Tuesday, April 21, 2009

Try Not to Hurl....

Boo Fuckin' Hoo

Boston Globe
April 21, 2009

CAMBRIDGE - They have managed to get into one of the world's most selective (most expensive) colleges. Opportunity is knocking at their door.

But at some point in their life, though perhaps later than most, Harvard students will face the stinging slap the rest of the world feels regularly: rejection. (shake it off, twit)

The dirty secret is out. Harvard students fail sometimes. They are denied jobs, fellowships, A's they think they deserve. They are passed over for publication, graduate school, and research grants. And when that finally happens, it hurts. Big time. (there's a support group for that. It's called "Everybody")

To help students cope (weep), Harvard's Office of Career Services hosted a new seminar last week on handling rejection, a fear job-seekers are feeling acutely in the plummeting economy. The advice from panelists could have come from a caring, patient (incredibly wealthy) parent. No rejection is the end of the world, they said, even though it might feel that way at the time. (I think my dad had the same fucking speech after I lost our Little League championship. Not kidding)

Participants, who wore snappy buttons with the word rejected stamped in red (scarlet?), also received a road map of sorts on handling failure, a pink booklet of rejection letters and personal stories from Harvard faculty, students, and staff members. (one story: "I got turned down for a job and I went out and tried for another one." End of story. Wasn't that helpful?)

Among the tales of woe: the 2004 alumnus and aspiring actor rejected for a barista gig at a Los Angeles Starbucks for being overqualified (um....everyone who works at Starbucks is overqualified. They pour coffee. No offense baristas....Baristas....jesus. Really? We're going to give this term to these workers as if they're a sommelier) and the medical school professor who was wait-listed at every medical school he applied to.

Senior Olga Tymejczyk (Irish?) arrived at the seminar early. With just a month and a half until graduation, Tymejczyk has applied for 10 jobs, but has no offers. (ten job applications? Fuck. You're toast. That's it. Just give up.)

"Rejection is inevitable sometimes, even if you go to Harvard," said Tymejczyk, a Latin American studies major who wants to work in higher-education administration or healthcare research. She has two more interviews this week, and she is hoping for the best but bracing for more bad news. (Expect the worst. That'll get you the gig. Employers LOVE underconfidence.)

Panelist Pat Hernandez knows a thing or two about setbacks. The 2004 Harvard graduate was rejected by all three graduate schools she applied to two years ago, after losing out on numerous consulting jobs.

"It's something many people are ashamed or reluctant to talk about," said Hernandez, who serves as a resident tutor for Harvard undergraduates. "Those who deal with rejection more frequently take it in stride and bounce back better." (Harvard-educated, indeed)

Hernandez spent the last two years conducting academic research and applied to graduate schools again. She plans to attend Harvard Business School in the fall for a doctorate in organizational behavior and management. (Jesus....here's an idea: LEAVE SCHOOL! If it's so fucking awful)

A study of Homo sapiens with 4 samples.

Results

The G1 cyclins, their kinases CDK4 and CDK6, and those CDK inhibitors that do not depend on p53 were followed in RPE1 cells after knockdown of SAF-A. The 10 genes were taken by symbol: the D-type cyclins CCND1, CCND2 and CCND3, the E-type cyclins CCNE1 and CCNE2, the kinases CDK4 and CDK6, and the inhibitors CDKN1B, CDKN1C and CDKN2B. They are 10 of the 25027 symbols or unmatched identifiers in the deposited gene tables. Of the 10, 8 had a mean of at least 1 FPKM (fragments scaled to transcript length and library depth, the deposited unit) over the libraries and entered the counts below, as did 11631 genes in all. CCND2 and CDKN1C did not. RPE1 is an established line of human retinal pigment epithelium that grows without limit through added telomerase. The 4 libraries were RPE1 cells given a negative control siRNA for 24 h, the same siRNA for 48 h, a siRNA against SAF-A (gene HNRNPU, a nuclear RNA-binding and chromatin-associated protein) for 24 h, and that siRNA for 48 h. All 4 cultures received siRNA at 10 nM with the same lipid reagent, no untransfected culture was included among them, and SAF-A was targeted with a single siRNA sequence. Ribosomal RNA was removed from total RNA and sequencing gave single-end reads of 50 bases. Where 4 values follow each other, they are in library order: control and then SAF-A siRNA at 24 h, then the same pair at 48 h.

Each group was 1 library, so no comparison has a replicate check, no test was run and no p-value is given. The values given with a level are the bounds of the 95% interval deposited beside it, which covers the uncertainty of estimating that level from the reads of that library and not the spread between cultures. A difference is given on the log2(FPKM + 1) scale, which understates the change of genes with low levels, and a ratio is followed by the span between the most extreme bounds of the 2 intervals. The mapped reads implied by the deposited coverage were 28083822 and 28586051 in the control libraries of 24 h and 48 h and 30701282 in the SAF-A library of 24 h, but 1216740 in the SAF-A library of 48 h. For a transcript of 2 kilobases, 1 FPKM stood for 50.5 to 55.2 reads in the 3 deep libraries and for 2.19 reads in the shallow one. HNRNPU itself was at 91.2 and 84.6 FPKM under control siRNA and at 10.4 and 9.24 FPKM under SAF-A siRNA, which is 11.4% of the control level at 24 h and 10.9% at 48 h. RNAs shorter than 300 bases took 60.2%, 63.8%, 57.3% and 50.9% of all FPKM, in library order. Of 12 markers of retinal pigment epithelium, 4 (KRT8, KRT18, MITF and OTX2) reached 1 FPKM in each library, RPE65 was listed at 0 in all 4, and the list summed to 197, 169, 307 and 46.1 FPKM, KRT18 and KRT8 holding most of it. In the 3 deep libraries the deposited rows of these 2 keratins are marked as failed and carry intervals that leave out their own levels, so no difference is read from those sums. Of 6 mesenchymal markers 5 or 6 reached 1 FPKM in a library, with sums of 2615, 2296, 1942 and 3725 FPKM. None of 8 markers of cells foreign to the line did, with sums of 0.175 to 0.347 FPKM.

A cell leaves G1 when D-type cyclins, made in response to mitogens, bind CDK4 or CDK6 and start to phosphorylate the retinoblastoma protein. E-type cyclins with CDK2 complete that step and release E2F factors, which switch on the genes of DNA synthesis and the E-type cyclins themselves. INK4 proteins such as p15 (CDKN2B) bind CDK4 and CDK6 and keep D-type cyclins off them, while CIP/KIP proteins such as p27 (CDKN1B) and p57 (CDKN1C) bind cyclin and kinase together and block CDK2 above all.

Another panelist, Harvard statistics professor Xiao-Li Meng (Jewish?), took a humorous approach on the sore subject. His two-page take on rejection (that's a good use of your time, Xiao) , printed in the pink booklet, starts with this theorem: "For any acceptance worth competing for, the probability of a randomly selected applicant being rejected is higher than the probability of being accepted." (humorous? How about downright fucking hilAAAAARIIIIOUS!!!!?!? He should write for Conan!)

Hernandez and Meng said students should learn to see rejection as an opportunity to improve themselves, so that by the time they summon the courage to try again, they will be better candidates. (This is a revolutionary idea....wait...I think I heard this on Oprah) Or they can view failure as a blessing, like the would-be barista who reconsidered his goals and launched a tutoring company called, appropriately enough, Overqualified. (read: snobby)

But how does one move forward, implored another graduate student facing rejection after rejection, when everyone else in the world thinks: "Surely, you have a Harvard degree. You'll get a job." (how does one move forward? Jesus Christ on a cracker....grow a pair, would ya'? Love to have you in a foxhole with me. Damn.)

Abigail Lipson - director of the Bureau of Study Counsel, which cosponsored last week's seminar - had some advice in the pink bulletin: "We learn to recognize our bad feelings as an indication that we care, we have high standards and high hopes, and we expect a lot of ourselves and of the world, rather than assuming that we are hopelessly untalented or unworthy." (turn that statement around and you might get closer to the truth. Recognize your bad feelings that you might actually not have the fucking cajones to pull off the job. Just a thought.)

Hard as it is for some to believe, there are candidates more worthy than Harvard students, Professor Meng quipped, in language befitting his field. "Statistically you are rejected, and probablistically it is fair." (Professor Meng needs to be slapped. Hard....often)


Mate Famber said...

"You've just graduated from the most expensive and therefore, BEST college there is!"